Coping with advanced liver cancer

Advanced cancer means the cancer has spread to other areas of the body. It might have come back after your original treatment. Unfortunately advanced cancers can't usually be cured. 

The aim of treatment is to control the cancer and relieve symptoms. Your doctors and nurses will help you to make the most of life and feel as good as possible for as long as possible.

How you might feel

Finding out that your cancer can’t be cured is distressing and can be a shock. It’s common to feel uncertain and anxious. It's normal to not be able to think about anything else.

Lots of information and support is available to you and your family and friends. Some people find it helpful to find out more about their cancer and the treatments they might have. Many people find that knowing more about their situation can make it easier to cope.

Talk to your doctor or nurse to understand:

  • what your diagnosis means
  • what is likely to happen
  • what treatment is available
  • how treatment can help you

Talking about advanced cancer

Your friends and relatives might be able to support you and talk to you about your cancer. Sharing can help to increase trust and support between you and make it easier to plan ahead. But some families are scared of the emotions this could bring up. So they may not want to discuss it. They might worry that you won't be able to cope with your situation.

It can strain relationships if your family or friends don't want to talk. You can help your family and friends by letting them know you would like to discuss what’s happening and how you feel.

You might find it easier to talk to someone outside your own friends and family.

Counselling might help you find ways of coping with your feelings and emotions. You can call the Cancer Research UK nurses on freephone 0808 800 4040, from 9am to 5pm, Monday to Friday.

Planning

Thinking about your priorities and planning what you want to do can help you to feel more in control. You might want to talk about how you want to spend your time and what is and isn’t important to you.

Some of your future plans might no longer be realistic. But you might get round to doing something you always wanted to do but weren’t able to make time for.

Feeling as well as you can

It is important that you feel as well as you possibly can. Tell your doctor or nurse about any symptoms you have so they can help to control them.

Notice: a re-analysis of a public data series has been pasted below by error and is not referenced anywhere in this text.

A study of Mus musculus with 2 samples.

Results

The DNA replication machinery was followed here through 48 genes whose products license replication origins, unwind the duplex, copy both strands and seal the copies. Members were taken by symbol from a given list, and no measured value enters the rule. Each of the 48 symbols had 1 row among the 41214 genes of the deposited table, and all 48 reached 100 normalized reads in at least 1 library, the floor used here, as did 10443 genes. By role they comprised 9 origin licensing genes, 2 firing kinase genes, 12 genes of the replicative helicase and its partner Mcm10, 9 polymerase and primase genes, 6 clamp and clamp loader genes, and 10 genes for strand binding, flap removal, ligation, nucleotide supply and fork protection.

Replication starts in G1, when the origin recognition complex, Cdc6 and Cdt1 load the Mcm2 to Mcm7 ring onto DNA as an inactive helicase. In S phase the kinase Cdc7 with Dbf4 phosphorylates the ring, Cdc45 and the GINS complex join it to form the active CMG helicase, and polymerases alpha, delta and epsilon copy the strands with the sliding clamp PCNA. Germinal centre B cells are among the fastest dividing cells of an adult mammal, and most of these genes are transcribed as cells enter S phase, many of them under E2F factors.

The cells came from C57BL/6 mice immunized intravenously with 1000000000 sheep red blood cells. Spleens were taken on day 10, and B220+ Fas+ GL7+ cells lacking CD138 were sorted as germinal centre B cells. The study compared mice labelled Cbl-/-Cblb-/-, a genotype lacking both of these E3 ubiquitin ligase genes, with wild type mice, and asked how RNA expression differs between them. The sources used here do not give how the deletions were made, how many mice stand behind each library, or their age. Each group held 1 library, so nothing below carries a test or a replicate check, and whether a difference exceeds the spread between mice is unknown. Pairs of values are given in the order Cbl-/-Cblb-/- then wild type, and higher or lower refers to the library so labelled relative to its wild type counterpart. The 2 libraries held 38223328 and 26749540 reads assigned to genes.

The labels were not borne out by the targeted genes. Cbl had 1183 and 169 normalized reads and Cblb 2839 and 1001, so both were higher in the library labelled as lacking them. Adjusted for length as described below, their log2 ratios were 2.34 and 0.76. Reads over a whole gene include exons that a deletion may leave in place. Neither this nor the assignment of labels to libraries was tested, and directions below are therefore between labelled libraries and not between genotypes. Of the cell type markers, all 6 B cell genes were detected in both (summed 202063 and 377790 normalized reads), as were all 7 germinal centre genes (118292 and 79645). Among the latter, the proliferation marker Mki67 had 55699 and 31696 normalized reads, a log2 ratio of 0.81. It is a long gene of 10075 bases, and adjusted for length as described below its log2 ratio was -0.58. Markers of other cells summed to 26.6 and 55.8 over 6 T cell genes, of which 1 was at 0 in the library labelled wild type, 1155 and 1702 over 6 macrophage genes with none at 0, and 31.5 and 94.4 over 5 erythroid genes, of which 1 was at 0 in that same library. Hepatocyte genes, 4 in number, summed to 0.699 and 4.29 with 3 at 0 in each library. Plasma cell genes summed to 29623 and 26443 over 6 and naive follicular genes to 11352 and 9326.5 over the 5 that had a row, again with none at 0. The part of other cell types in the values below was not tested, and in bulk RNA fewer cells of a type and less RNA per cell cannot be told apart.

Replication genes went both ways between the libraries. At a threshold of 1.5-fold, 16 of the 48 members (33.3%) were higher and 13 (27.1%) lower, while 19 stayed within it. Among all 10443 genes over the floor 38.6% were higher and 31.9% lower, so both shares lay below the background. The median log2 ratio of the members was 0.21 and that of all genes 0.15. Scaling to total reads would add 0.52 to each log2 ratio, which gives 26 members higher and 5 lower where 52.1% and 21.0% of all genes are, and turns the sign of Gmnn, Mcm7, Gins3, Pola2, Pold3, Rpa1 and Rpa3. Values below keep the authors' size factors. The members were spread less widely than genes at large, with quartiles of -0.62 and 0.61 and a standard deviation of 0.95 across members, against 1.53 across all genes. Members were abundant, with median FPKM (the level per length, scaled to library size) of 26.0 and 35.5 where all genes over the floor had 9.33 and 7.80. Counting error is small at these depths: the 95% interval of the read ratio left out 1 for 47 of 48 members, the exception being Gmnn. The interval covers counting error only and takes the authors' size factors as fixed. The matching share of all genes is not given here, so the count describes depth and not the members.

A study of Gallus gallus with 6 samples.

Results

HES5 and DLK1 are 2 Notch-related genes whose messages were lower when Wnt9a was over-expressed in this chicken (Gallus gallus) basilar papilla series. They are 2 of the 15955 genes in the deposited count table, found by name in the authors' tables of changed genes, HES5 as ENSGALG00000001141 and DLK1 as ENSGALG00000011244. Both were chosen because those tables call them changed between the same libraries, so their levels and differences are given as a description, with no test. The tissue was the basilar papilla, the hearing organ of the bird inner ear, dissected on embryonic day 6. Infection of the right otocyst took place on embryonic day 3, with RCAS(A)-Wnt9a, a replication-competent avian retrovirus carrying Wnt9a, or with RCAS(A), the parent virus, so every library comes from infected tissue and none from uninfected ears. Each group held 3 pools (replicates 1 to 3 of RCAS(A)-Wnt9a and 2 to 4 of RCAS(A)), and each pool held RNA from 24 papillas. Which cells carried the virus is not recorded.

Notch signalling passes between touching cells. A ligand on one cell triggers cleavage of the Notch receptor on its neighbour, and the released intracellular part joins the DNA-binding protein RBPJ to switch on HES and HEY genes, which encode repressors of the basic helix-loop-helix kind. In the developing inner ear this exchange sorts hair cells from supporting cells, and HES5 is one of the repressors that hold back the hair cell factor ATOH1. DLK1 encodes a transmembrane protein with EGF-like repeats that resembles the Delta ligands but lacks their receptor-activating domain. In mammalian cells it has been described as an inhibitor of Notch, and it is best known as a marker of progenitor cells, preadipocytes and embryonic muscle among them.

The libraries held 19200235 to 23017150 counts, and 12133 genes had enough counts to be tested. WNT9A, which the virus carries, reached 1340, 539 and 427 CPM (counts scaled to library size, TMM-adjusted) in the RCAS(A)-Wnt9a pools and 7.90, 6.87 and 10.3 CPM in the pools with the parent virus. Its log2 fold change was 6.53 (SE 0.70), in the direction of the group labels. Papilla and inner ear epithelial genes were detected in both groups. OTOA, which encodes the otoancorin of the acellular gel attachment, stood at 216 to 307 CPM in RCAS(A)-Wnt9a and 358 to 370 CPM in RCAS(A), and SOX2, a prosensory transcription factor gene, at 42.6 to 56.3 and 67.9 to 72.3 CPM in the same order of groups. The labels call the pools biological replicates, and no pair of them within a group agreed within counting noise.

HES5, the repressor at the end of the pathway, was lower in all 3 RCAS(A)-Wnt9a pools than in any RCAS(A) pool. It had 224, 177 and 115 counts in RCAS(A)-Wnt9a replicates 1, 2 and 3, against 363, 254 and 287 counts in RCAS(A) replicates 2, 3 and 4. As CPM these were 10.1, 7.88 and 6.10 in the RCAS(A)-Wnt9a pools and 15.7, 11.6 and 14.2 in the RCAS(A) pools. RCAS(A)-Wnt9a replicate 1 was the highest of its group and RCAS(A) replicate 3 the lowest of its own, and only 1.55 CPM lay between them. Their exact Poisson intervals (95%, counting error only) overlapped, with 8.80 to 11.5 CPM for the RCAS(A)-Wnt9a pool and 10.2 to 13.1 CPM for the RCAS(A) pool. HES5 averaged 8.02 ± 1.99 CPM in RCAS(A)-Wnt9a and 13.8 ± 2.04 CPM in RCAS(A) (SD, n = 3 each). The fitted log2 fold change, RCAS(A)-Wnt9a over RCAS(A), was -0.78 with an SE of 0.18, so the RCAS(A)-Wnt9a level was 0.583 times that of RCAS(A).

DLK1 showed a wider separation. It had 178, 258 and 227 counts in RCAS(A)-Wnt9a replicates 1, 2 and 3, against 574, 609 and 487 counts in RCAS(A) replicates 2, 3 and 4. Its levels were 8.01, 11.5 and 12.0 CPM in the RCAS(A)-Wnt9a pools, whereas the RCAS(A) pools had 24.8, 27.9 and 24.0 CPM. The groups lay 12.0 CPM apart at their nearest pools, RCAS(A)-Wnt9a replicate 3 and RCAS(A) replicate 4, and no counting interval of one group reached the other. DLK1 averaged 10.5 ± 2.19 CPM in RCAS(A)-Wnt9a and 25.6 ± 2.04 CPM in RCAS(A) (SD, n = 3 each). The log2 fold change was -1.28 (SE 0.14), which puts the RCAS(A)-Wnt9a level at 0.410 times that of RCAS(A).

Symptom control nurses are specialist nurses who can work with you and your doctor to help control any symptoms. They can also help to improve your physical and emotional well being. They are sometimes called palliative care or home care nurses.

You can ask the hospital or your GP to refer you. Sometimes you or your relatives can make a direct referral to symptom control nurses.

Many symptom control nurses have counselling training and can help you and your carers work through some of your emotions. If you have physical difficulties that make it hard to cope at home, your specialist nurse or a district nurse can talk to you about what may help you.

Coping financially

You might have extra expenses due to the cancer. Your specialist nurse or GP can help you get grants for heating costs, holidays or household expenses related to your illness.

Ask to see a social worker. They can let you know which benefits or grants you can claim and help with the claiming process.  

Who can help?

You can get emotional and practical support through your hospital, local hospice and GP practice. You can also get help from charities and support groups.

Towards the end of life

Some people might want to find out what is likely to happen in the last few weeks or days of life.

You might need to choose where you want to be looked after and who you want to care for you.

You can call the Cancer Research UK nurses if you have questions or want to talk about coping with advanced cancer. Call free on 0808 800 4040, from 9am to 5pm, Monday to Friday.